In summer take a boat trip on the Daugava river from Akmens bridge
Organ recitals are held every Friday at Riga Cathedral
Riga drivers seem to have a death wish and often ignore pedestrians
If your time in Riga is limited it's best to stick to the main tourist trail.
But if you have a little longer there are other sights worth seeking out in a city with such a lively atmosphere as well as rich medieval heritage.
One of the largest markets in Europe, this lively bazaar is the major focal point of the city. The bustling, colourful market is held inside and partly outside five 35m tall Zeppelin hangars just behind the bus station.
You can buy virtually anything here, from a DVD player to a sheep carcass. There are currently over 1,200 stalls, with buildings entirely devoted to selling cheese and vegetables. If you get lost inside, you won't be the first. It has grown even bigger in recent years and now seems to be bursting at the seams.
Latvians love museums. They are everywhere and cover almost every subject. Memorial museums abound and the main ones are devoted to local city fathers like Andrejs Upitis, Ojars Vacietis, Aleksandrs Caks, Janis Akuraters and Krisjanis Barons.
Science is well covered too by the Latvian Nature Museum and museums of medical history, pharmacy and anatomy. Cultural and social exhibits are found not only at the famous Motor Museum but also at museums on telephones, railways and aviation.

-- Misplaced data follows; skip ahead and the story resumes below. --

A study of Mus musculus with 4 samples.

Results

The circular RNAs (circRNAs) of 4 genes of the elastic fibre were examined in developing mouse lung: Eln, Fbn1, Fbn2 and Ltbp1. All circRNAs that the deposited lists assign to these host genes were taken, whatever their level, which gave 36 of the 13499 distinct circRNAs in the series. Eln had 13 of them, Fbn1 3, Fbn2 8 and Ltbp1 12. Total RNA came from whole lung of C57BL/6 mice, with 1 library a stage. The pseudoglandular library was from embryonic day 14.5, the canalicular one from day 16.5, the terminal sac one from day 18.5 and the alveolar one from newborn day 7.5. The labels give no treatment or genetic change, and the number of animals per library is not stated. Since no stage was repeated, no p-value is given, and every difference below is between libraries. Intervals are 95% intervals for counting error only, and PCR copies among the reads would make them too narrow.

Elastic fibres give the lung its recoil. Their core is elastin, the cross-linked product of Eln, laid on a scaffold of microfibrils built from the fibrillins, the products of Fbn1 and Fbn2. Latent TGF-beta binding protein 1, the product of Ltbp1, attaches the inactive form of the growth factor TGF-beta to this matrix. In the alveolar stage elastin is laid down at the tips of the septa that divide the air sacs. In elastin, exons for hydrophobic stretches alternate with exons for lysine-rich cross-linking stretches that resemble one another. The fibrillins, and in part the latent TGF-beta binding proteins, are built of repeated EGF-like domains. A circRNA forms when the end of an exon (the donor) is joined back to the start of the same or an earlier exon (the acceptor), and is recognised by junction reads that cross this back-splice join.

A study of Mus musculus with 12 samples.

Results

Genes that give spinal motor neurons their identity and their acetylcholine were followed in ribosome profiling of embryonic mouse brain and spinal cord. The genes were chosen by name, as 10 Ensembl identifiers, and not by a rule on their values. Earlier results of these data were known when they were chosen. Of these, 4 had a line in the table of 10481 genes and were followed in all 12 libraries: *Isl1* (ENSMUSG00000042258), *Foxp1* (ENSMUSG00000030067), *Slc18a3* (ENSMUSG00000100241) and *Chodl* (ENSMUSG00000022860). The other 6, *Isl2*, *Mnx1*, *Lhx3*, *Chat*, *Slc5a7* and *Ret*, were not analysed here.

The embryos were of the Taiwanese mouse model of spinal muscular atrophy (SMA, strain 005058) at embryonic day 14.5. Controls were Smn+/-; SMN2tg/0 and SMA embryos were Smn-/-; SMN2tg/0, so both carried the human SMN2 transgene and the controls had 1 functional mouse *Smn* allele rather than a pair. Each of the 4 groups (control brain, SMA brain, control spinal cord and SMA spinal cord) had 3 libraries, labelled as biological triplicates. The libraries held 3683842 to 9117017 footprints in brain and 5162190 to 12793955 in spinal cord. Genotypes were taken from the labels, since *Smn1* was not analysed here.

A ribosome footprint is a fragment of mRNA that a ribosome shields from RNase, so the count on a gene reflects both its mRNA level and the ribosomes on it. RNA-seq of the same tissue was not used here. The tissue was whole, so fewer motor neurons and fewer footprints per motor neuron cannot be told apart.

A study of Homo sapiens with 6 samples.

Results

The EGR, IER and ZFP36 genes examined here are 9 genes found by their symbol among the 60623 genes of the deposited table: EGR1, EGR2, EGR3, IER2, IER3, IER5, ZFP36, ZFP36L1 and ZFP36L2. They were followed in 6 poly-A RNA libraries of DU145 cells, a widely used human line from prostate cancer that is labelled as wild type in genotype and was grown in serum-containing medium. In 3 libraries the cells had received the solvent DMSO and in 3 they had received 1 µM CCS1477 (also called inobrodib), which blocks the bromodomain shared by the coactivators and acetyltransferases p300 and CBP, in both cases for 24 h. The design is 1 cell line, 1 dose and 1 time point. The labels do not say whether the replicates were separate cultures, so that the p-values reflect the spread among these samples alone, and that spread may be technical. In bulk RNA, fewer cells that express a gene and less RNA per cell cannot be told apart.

There are also special interest museums on the theatre, cinematography, photography, television, porcelain, fire fighting, sports, architecture and even a museum on electricity.
East of Old Riga are many parks and gardens, mostly laid out in the 19th century. Parks on either side of the Freedom Monument were created around 1860 with Vermanes Gardens the most popular.
The largest is Uzvaras Park across the Akmens bridge, built around 1910. Smaller parks include Arcadia, with a mill pond and the Festival Song Park, with playgrounds and fountains. Alongside the parks are impressive boulevards with imposing 19th century mansions, many now occupied by banks and insurance companies.
Riga Zoo was established by the Soviets and is distinctively located in a pine-tree forest. There is a very varied selection of animals here. Alongside the usual zoo residents - lions, polar bears and so on - are sections devoted to insects and frogs.
It is also a good place to see animals not normally seen in Western zoos such as Tibetan wild donkeys. The surrounding forest park, close to Lake Kisezers, is a big favourite with Riga residents.
Strolling around Riga you may come across padlocks clamped to bridge railings (see photo above). It's a custom believed to have started in Hungary where couples declare their bond by fixing a padlock to the bridge and throwing the keys into the waters below.
Typical is the footbridge over the Pilsetas Canal in the Old City. Many couples have their names engraved on the padlock. Not quite sure what happens to the keys in winter when the water is frozen over though.